By Todd Harper
May 27, 2019

Is The Weed Reefer-Rendum Half Baked?

After a recent announcement made by the government, New Zealanders will be given the opportunity to have their say on whether or not they think cannabis should be legalised. This process is going to take place at the 2020 New Zealand general election as a referendum.

The key point to this announcement is that this referendum will be binding, which means that whatever decision the country makes, the government at the time must listen and implement it. This decision, however, has been faced with criticism that if cannabis were to become legal in New Zealand, it would be negative.

New Zealand constitutional lawyer Andrew Geddis says New Zealanders should be presented with a specific proposal as an alternative to what we already have.

“The ideal way to proceed would be for a Bill to already have been drafted and passed by the House, with the referendum result then automatically deciding whether or not that Bill becomes law. This is how the vote to introduce MMP proceeded.

“The benefit of this approach is that it would allow everyone to know what it is they are voting on. We can all see in advance what form of reform we are talking about. Is it decriminalisation? Is it legalisation? Would it permit grow-your-own or a full market regime?

“So, for example, we didn’t just vote on the question ‘Do you want to change the flag?’, then leave it to Parliament to decide what a new flag would look like. We instead got to choose between a bunch of different possible options, knowing that a vote one way or the other would produce a certain result.”

The Minister of Justice Andrew Little has recently announced that when it comes time to vote in 2020, voters will be given clear information around what this legislation will look like and be presented with a shortened version of the draft bill.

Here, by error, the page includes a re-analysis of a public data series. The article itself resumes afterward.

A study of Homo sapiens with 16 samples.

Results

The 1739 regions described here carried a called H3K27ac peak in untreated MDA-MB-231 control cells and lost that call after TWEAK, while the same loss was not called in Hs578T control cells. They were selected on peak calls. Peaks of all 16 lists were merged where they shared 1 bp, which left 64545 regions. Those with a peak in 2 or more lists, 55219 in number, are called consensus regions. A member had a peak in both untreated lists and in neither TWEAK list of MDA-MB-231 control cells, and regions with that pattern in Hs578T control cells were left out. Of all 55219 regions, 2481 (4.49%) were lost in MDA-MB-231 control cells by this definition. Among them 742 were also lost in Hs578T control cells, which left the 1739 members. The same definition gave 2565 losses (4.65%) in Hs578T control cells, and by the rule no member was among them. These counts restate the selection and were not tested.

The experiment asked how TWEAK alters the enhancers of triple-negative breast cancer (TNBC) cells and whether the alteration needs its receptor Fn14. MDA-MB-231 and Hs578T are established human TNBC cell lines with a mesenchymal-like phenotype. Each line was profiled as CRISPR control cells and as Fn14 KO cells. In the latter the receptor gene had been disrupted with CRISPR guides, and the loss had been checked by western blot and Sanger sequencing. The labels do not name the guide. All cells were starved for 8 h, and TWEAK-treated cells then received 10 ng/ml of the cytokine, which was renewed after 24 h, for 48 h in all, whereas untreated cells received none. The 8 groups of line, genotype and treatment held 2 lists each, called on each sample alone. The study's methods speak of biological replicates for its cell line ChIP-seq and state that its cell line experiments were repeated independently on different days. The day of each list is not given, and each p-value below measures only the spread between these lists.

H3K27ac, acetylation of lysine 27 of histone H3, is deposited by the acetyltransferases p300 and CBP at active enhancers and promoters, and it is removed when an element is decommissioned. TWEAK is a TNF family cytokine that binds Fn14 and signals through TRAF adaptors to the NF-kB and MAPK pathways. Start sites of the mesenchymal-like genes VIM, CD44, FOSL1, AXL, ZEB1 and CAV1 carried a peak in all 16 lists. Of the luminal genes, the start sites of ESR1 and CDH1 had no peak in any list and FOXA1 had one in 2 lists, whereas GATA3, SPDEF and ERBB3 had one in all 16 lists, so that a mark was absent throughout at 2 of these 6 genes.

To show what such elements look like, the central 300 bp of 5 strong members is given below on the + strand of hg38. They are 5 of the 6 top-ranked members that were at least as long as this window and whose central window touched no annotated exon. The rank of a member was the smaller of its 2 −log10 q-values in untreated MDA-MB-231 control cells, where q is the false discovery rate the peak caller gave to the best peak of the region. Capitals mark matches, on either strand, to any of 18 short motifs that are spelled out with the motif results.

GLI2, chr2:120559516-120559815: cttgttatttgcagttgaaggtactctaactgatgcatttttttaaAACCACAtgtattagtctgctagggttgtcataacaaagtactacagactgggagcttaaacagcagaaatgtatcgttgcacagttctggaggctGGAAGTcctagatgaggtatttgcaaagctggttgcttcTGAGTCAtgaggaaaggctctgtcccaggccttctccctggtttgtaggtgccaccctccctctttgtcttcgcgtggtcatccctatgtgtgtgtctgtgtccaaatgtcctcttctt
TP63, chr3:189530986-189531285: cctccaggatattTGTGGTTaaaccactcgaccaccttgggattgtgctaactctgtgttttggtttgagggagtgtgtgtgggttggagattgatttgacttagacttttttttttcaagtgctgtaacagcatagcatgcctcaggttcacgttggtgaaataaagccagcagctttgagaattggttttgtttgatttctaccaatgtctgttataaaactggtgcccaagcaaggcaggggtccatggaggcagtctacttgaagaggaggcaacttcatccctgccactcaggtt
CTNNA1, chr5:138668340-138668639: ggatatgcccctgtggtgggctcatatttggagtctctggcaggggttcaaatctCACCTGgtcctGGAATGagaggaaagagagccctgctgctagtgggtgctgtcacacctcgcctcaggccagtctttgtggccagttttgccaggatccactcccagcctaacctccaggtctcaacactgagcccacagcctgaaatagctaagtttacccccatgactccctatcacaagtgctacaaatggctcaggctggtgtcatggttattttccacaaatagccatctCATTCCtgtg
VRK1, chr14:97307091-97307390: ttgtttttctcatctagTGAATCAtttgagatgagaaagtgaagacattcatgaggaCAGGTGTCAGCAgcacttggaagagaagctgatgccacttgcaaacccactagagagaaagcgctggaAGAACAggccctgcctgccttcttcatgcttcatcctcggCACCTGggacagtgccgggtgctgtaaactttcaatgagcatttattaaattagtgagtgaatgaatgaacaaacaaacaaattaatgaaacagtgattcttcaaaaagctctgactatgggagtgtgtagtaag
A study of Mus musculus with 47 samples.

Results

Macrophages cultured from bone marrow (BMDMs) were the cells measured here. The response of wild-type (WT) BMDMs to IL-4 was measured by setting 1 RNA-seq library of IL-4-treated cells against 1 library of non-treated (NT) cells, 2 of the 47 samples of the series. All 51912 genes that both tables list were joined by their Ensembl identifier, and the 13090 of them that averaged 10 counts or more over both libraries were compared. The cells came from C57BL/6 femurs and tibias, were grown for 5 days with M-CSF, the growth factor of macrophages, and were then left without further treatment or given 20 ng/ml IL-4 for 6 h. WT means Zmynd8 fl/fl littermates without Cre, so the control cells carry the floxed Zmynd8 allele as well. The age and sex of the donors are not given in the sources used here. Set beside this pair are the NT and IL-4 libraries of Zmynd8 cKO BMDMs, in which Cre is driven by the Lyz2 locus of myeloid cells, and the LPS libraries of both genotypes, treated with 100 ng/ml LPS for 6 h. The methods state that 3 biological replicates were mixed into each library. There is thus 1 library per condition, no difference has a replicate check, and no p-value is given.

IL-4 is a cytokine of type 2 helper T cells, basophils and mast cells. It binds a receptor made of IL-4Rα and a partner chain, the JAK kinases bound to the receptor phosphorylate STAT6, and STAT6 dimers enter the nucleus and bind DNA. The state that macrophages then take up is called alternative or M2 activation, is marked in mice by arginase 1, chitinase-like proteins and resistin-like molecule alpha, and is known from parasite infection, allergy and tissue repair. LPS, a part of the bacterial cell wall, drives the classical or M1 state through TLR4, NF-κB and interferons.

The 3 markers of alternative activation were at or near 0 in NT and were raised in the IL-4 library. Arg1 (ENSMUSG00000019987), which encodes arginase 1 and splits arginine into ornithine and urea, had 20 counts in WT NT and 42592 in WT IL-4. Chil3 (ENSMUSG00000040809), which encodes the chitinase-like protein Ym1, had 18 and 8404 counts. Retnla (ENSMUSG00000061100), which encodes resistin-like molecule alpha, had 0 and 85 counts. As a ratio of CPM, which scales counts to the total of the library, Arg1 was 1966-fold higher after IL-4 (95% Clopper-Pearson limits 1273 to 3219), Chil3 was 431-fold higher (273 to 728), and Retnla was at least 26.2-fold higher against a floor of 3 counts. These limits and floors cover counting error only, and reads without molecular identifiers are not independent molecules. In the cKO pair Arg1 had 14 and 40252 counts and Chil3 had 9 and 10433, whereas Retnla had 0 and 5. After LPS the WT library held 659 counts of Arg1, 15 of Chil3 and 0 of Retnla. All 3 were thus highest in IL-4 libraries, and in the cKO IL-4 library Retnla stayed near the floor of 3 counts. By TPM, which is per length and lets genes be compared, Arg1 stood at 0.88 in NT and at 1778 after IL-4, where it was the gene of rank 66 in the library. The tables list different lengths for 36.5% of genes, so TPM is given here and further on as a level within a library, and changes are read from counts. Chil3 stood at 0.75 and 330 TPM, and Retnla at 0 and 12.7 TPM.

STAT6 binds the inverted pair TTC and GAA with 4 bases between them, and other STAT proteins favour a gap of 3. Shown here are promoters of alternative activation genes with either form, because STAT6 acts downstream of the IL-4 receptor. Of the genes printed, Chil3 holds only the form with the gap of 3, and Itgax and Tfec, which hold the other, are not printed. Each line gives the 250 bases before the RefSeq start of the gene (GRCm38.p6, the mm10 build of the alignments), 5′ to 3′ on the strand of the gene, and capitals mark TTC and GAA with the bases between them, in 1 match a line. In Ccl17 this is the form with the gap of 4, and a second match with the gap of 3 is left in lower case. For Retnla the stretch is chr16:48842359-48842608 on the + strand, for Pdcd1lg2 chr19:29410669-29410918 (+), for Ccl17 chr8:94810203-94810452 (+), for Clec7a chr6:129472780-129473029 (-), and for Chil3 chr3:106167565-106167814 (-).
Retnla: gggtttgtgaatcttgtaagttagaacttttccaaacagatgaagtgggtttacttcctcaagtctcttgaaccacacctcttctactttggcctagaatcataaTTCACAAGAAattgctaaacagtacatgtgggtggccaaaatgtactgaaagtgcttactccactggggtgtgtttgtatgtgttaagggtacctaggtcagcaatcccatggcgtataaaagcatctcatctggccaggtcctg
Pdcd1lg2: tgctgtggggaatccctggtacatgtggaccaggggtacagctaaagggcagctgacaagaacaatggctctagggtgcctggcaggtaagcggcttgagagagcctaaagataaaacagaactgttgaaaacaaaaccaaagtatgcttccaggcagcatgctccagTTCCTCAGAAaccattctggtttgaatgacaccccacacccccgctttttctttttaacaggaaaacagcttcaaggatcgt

“There will be a clear choice for New Zealanders in a referendum at the 2020 General Election. Cabinet has agreed there will be a simple Yes/No question on the basis of a draft piece of legislation.

“Officials are now empowered to draft the legislation with stakeholder input, and the Electoral Commission will draft the referendum question to appear on the ballot. The result of the referendum will be binding.”

A summary of what Nexus knows that will be included in the referendum:
 - Minimum age of 20 to use and purchase recreational     cannabis
- Regulations and commercial supply controls
- Limited home-growing options
- A public education programme
- Stakeholder engagement

Key parts to the research that is informing the development of this draft Bill show that cannabis is the most commonly used illegal drug in New Zealand. Around 10 to 12% of adults use cannabis at least once a year.

Along with this, the research shows nearly a third of those people are Māori. It acknowledged that it must promote equity and improve opportunities for Māori, as Māori are "more likely to receive a cannabis-related conviction than non-Māori".

Prime Minister Jacinda Ardern confirmed that the cabinet had made a decision around this, and added that this is not about the current government and the decisions it is making.

“This is about asking a question for New Zealanders to have their say on this issue.”

A recent poll conducted by the NZ Drug foundation shows strong support from New Zealanders for cannabis to become legal.

The results of the poll show that 67% are in favour of law changes when it comes to recreational cannabis. 35% say they would want it legalised, whereas 32% say they just want it decriminalised.

It also showed 60% would prefer the selling of cannabis in stores to remain illegal, and 69% wanted growing cannabis for friends to stay illegal.

NZ Drug Foundation executive director Ross Bell says support for both legalisation and decriminalisation has become much stronger over recent years.
“This is a sign that people are ready to vote for change in the cannabis referendum due to happen on or before the 2020 election.”

So if this becomes legal, what happens to previous criminal records?

Andrew Little says he has thought much about this, adding that parliament doesn’t usually overturn convictions on historical laws.

“We recently did the law on expunging historical homosexual offences, because in an enlightened age, that law was immoral. Whether Parliament would take the same view about old drug laws, I’m not sure.

“But if it comes up, I guess we’ll have to have a response to it.”


Sam, BCS: I’ve smoked a couple of joints with friends before. But this issue doesn’t really phase me much. It doesn’t affect me.

Bree, BSc: Yeah sure, it’s natural isn’t it? It has to be better than the shit that’s in the synthetic stuff aye.

Ashley, LLB: I’m not a fan of this. There are too many harmful side effects reported, we already have enough issues with society.

Matt, BSocSc: Fuck yeah. This means I don’t have to go to my dodgy dealer. I can get it safely.